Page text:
Interpreting Prediction Market Prices as Probabilities
AbstractWhile most empirical analysis of prediction markets treats prices of binary options as predictions of the probability of future events, Manski (2004) has recently argued that there is little existing theory supporting this practice. We provide relevant analytic foundations, describing sufficient conditions under which prediction markets prices correspond with mean beliefs. Beyond these specific sufficient conditions, we show that for a broad class of models prediction market prices are usually close to the mean beliefs of traders. The key parameters driving trading behavior in prediction markets are the degree of risk aversion and the distribution on beliefs, and we provide some novel data on the distribution of beliefs in a couple of interesting contexts. We find that prediction markets prices typically provide useful (albeit sometimes biased) estimates of average beliefs about the probability an event occurs.
Length: 23 pages
Date of creation: Apr 2006
Date of revision:
Publication status: published in: Robert Hahn and Paul Tetlock (eds), Information Markets: A New Way of Making Decisions in the Public and Private Sectors, AEI-Brookings Press, 2006
- Justin Wolfers & Eric Zitzewitz, 2006. "Interpreting Prediction Market Prices as Probabilities," NBER Working Papers 12200, National Bureau of Economic Research, Inc.
- Justin Wolfers & Eric Zitzewitz, 2006. "Interpreting prediction market prices as probabilities," Working Paper Series 2006-11, Federal Reserve Bank of San Francisco.
- Wolfers, Justin & Zitzewitz, Eric, 2006. "Interpreting Prediction Market Prices as Probabilities," CEPR Discussion Papers 5676, C.E.P.R. Discussion Papers.
- D4 - Microeconomics - - Market Structure and Pricing
- D8 - Microeconomics - - Information, Knowledge, and Uncertainty
- G13 - Financial Economics - - General Financial Markets - - - Contingent Pricing; Futures Pricing
Please report citation or reference errors to , or , if you are the registered author of the cited work, log in to your RePEc Author Service profile, click on "citations" and make appropriate adjustments.:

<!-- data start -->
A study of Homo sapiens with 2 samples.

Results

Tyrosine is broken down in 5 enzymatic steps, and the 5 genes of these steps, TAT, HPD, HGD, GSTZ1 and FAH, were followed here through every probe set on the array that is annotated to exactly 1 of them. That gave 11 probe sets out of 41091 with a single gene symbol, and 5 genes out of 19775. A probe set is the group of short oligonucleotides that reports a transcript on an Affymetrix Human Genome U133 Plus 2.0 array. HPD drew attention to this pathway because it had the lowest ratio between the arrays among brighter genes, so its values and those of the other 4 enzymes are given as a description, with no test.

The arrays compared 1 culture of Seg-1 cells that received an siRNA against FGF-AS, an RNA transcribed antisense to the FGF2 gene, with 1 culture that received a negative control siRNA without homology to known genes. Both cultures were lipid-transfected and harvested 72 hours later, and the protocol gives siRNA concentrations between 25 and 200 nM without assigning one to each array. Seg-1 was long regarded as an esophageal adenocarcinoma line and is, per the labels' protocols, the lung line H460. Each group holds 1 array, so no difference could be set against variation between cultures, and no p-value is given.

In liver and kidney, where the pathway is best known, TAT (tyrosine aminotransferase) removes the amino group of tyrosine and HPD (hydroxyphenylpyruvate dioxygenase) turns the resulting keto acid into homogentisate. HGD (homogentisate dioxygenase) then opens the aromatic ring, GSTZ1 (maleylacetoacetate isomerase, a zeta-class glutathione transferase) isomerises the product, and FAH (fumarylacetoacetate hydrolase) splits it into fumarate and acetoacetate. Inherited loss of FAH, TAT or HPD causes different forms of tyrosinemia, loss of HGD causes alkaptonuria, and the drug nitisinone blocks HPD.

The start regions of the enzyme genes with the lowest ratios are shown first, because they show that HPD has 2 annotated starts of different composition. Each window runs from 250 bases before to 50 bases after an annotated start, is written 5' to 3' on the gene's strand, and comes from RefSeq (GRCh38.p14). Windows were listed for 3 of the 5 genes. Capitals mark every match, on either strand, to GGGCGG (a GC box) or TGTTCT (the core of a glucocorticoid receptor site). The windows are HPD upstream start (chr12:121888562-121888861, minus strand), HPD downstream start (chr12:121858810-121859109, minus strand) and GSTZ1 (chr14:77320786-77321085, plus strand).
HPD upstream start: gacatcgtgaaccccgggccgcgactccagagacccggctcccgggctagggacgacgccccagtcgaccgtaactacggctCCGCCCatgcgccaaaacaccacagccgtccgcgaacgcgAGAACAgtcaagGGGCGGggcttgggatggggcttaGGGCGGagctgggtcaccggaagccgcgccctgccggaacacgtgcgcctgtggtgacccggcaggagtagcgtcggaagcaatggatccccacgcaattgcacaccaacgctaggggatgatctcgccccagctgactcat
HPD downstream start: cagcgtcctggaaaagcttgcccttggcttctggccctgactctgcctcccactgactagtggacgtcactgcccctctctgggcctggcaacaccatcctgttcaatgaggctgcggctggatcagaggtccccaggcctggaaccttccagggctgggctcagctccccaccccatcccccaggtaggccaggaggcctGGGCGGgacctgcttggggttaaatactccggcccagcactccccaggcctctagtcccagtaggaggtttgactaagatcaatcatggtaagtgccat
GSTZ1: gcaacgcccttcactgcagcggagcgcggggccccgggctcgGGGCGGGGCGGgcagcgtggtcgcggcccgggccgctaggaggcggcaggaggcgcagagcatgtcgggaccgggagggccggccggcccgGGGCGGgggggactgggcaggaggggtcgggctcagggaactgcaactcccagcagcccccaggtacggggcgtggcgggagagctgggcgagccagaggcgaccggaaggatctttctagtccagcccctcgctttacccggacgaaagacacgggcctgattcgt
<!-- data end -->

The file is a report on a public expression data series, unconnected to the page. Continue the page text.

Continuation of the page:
- Justin Wolfers & Eric Zitzewitz, 2004.
Journal of Economic Perspectives,
American Economic Association, vol. 18(2), pages 107-126, Spring.
- Wolfers, Justin & Zitzewitz, Eric, 2004. "Prediction Markets," Working paper 259, Regulation2point0.
- Justin Wolfers & Eric Zitzewitz, 2004. "Prediction Markets," NBER Working Papers 10504, National Bureau of Economic Research, Inc.
- Wolfers, Justin & Zitzewitz, Eric, 2004. "Prediction Markets," Research Papers 1854, Stanford University, Graduate School of Business.
- Justin Wolfers & Eric Zitzewitz, 2004. "Prediction Markets," Discussion Papers 03-025, Stanford Institute for Economic Policy Research.
- Charles F. Manski, 2004.
"Interpreting the Predictions of Prediction Markets,"
NBER Working Papers
10359, National Bureau of Economic Research, Inc.
- Manski, Charles F., 2006. "Interpreting the predictions of prediction markets," Economics Letters, Elsevier, vol. 91(3), pages 425-429, June.
- Steven D. Levitt, 2004. "Why are gambling markets organised so differently from financial markets?," Economic Journal, Royal Economic Society, vol. 114(495), pages 223-246, 04.
- Jeff Dominitz & Charles F. Manski, 2004. "How Should We Measure Consumer Confidence?," Journal of Economic Perspectives, American Economic Association, vol. 18(2), pages 51-66, Spring.
- Andrew Leigh & Justin Wolfers & Eric Zitzewitz, 2003.
"What Do Financial Markets Think of War in Iraq?,"
NBER Working Papers
9587, National Bureau of Economic Research, Inc.
- Steven Gjerstad, 2004. "Risk Aversion, Beliefs, and Prediction Market Equilibrium," Microeconomics 0411002, EconWPA.